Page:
Salvador Blanco

* 1953  

  • "I was accused of collaboration with the CIA, and for contempt and disrespect of the regime, the communist party and Fidel Castro. And on top of that, for attempted emigration. You in Czechoslovakia have land borders and thus possibly more opportunities to get out but in Cuba, sea is the only option. That's why they always accused people of attempted flight - whenever it was a successful one, there was nobody left to put on trial. The most common target is Miami where one can get by boat across the channel. Many people call Florida the Coast of Freedom, which is true."

  • "We could go places, which were closed for the common people. These included the beaches in Varader, one of the most beautiful in the wolrd. The places we could go to were reserved for high-ranked politicians and their relatives. There was everything. If you ask a Cuban person what is a shrimp, they wouldn't know. There, we had shrimps, lobsters, pork... All the food you can imagine. All of it for the officials and their relatives. But not just any officials - the most important ones. Only the Central Committee of the party. One of the things I was most disgusted by was when they placed me next to Ortega in a cabaret. I sat like this with Ortega next to me and his brother on my other side. I recall him having an ill hand. I have never seen such a disgusting president as Ortega. The greasy hair and face, hygiene completely lacking. Fifteen-, sixteen-, and seventeen-year-old girls were presenting themselves in front of him. He was chosing his company. I had to witness all those disgusting moments. I was praying to God that when he goes with one of them, he would at least bath. Ortega is also known for committing rape. Even his wife is considered one of those who lack hygiene and style. It was difficult to share space with such people."

  • "I witnessed a lot there. I saw the murder of many people. I recall the sound of stabbing someone - it is like ripping apart a bag of sugar. I recall people crying and faces being cut. One of the greatest insults in the prison was for an inmate to take a can, fill it with feces and throw it at someone. Such action called for revenge in blood - killing whoever did that. I saw such things. I learned that most crimes in jail are committed because of grievances. People have complexes because of the people in their surroundings. Murders were done due to grievances. I saw many people full of complexes who stabbed someone to death just for hurting their ego. I can't even explain how I managed to survive. I never thought I could end up in prison. And then it suddenly happened. I don't know how did I survive. Someone, people catch me talking to myself, to God. They tell me: 'Hey, Salvador, you are talking to yourself!' But I have reasons to talk to myself 24/7 because solitude is both a friend and an enemy. While being in the cell with 120 people, I still feld solitude was the worst thing of all. How do communist systems operate? They crush you completely. They make you think you are nobody and that the revolution made you who you are. Without the revolution, you are nobody."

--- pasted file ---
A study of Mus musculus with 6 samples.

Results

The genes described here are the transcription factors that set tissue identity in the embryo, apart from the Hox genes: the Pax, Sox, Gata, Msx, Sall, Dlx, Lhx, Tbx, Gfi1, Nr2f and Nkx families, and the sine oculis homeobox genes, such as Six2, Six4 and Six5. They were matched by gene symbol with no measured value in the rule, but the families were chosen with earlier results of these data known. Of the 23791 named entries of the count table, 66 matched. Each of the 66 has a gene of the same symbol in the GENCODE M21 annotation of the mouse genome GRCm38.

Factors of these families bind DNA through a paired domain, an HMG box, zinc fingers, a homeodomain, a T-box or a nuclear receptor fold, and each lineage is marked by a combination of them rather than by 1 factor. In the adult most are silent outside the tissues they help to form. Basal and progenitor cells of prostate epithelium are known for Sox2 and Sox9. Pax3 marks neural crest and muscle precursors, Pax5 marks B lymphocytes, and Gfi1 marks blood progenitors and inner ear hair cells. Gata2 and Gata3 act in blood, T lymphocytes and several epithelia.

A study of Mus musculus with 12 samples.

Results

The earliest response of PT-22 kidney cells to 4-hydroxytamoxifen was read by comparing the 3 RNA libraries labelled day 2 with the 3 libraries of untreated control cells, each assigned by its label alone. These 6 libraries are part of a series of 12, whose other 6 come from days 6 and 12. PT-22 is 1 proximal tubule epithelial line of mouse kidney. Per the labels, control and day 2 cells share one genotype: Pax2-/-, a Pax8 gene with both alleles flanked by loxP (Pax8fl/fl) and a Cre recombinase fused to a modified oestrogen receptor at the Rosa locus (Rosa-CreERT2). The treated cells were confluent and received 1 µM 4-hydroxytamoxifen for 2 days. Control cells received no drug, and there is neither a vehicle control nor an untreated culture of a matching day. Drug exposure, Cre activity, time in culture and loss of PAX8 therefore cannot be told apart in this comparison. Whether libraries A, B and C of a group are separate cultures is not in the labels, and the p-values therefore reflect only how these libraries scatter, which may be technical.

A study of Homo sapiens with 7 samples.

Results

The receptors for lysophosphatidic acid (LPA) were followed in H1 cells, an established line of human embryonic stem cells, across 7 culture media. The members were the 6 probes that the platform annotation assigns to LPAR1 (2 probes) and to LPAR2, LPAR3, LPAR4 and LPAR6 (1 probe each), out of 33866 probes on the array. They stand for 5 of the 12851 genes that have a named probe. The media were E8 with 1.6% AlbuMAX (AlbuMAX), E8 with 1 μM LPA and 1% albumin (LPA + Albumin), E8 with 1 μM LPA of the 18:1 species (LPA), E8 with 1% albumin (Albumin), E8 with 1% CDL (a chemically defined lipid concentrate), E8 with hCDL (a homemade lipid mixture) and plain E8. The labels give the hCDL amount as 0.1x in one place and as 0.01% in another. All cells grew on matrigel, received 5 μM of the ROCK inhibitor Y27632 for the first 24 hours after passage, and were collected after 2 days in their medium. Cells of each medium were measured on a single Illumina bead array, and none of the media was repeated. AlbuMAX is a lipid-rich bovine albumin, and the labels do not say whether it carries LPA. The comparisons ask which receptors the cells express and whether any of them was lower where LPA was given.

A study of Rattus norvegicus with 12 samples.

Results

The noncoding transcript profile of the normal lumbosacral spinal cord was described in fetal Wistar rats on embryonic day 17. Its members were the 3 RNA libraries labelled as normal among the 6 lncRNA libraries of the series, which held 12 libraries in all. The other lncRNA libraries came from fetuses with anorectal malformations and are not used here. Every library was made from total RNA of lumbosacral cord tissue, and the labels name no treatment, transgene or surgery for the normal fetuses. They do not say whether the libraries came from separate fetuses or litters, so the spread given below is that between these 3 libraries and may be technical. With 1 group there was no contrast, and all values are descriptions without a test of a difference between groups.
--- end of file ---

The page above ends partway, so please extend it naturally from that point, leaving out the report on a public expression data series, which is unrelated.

Salvador Blanco / Miami / 2017
Salvador Blanco / Miami / 2017
zdroj: Post Bellum

Salvador Blanco was born on 6 May 1953 in the fishing town of Caibarién in central Cuba but he grew up in the capital of Havana. His family lived in the campus of the University of Fine Arts and since his youth, Salvador did theater, music and pantomime. In 1973, after finishing his military service, he found a job in the Cuban national TV. He played the part of the cat El Gatito in a child show, and became popular among viewers all around Cuba. His fame grew as he starred on TV, in the movies and in the theater, and he enjoyed the benefits of a prominent artist. However, in 1982, he insulted Fidel Castro during a personal encounter. He was accused of helping the CIA, disrespect for the regime, and attempted emigration. He was sentenced to three years in the terrible Cuban prisons, which he spent among inmates who committed the worst of crimes. In 1984 at the Cannes Film Festival, the French actor Yves Montand appealed to the Cuban regime to set Salvador Blanco free. After serving his time, Salvador was under surveillance of the secret police and did construction works. Thanks to the effort by French politicians, he managed to move to Paris. He worked in France, took part in international conferences for the defense of human rights. In the end, he moved to Miami where he became one of the faces of Radio and TV Martí.